Two cases before the Supreme Court have the potential to end affirmative action in university admissions.
Such admission policies have been challenged on the grounds that they might disqualify students based on race.
The Court heard oral arguments Monday for both cases, lawsuits which were brought in 2014 by the organization Students for Fair Admissions (SFAA) – one against Harvard University and the other against the University of North Carolina at Chapel Hill (UNC).
The Harvard suit alleges that Asian American individuals who apply to Harvard are not as likely to be accepted as members of other races with comparable qualifications.
In the other suit, SFAA claims, “UNC discriminates against its members by considering race in its admissions process when the university does not need to do so to assemble a diverse student body,” writes Court reporter Amy Howe.
Race-based affirmative action was upheld in the 2003 case Grutter v. Bollinger, in which the Court ruled it is permissible “so long as it is intended to try to achieve an educational benefit by having a diverse body,” according to one summary. In the majority opinion, Justice Sandra Day O’Connor said that she “expects that 25 years from now, the use of racial preferences will no longer be necessary to further the interest approved today.”
Now, SFAA is calling for Grutter to be overruled. The group stated in a court filing that “public schools have no legitimate interest in maintaining a precise racial balance, and they have no compelling interest in preventing minor dips in average SAT scores.
“The same Fourteenth Amendment that required public schools to dismantle segregation after Brown cannot be cowed by the diktats of university administrators.”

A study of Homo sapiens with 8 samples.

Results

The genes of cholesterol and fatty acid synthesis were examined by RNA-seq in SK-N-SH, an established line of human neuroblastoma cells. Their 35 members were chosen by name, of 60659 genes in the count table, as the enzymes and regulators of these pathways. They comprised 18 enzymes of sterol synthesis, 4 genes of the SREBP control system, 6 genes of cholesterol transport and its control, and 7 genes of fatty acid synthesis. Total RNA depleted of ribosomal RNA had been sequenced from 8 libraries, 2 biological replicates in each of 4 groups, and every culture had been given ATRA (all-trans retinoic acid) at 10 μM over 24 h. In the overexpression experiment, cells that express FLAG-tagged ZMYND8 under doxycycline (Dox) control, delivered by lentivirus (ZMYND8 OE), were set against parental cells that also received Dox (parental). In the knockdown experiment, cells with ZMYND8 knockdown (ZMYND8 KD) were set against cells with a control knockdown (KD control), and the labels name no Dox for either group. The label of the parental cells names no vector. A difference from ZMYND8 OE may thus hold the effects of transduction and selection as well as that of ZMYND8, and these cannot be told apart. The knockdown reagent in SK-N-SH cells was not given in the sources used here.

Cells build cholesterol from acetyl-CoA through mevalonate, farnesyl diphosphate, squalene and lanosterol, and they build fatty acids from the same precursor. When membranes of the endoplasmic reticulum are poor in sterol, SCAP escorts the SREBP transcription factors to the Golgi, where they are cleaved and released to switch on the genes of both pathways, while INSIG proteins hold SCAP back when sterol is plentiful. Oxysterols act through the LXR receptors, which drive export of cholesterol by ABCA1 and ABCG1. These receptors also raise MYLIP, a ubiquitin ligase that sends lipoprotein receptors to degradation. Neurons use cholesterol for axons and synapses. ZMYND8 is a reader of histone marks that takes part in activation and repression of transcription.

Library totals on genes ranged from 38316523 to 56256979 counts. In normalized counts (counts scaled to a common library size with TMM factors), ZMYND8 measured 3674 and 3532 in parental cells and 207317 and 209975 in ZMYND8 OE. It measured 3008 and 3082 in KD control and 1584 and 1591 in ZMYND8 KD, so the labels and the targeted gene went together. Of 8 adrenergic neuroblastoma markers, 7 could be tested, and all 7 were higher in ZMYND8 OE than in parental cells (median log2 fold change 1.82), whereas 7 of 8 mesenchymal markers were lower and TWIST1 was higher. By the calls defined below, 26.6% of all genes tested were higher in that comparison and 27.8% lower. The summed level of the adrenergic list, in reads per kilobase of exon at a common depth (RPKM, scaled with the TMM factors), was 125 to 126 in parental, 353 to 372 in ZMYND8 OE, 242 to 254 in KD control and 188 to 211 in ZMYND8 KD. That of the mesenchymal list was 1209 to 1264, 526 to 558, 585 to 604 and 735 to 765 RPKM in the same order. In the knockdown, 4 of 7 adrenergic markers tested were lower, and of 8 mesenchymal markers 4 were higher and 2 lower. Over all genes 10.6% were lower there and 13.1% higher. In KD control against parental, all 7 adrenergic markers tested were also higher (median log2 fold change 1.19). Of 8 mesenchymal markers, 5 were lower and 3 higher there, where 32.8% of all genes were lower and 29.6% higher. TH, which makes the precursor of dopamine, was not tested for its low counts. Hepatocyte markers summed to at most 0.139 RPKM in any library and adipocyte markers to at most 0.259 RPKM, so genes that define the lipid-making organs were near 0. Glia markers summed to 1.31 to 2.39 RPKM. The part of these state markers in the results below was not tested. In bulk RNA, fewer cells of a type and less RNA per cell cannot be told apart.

SFAA invokes the Brown v. Board of Education decision in both cases, arguing that Grutter is inconsistent with Brown, the landmark decision that race-based segregation in public schools violated the 14th Amendment. The group also argues that Harvard, though a private school and thereby not controlled by the 14th Amendment, is still subject to Title VI of the Civil Rights Act of 1964.
Though the scope of the cases is limited to admissions policies, the potential overruling of Grutter is expected to have a much wider impact. Harvard and UNC both claim that even businesses and the medical field would be impacted.
However, others view a ruling favoring SFAA as a step towards justice for university applicants, such as the Asian groups that SFAA argues are hurt by policies like these.
“Racial preferences are an injustice to the people who should have been accepted to a university but were rejected to make room for an applicant who was let in because of his or her immutable characteristics,” Mike Gonzalez, senior fellow at the Heritage Foundation, told The Center Square.
A decision from the Court is expected sometime next year.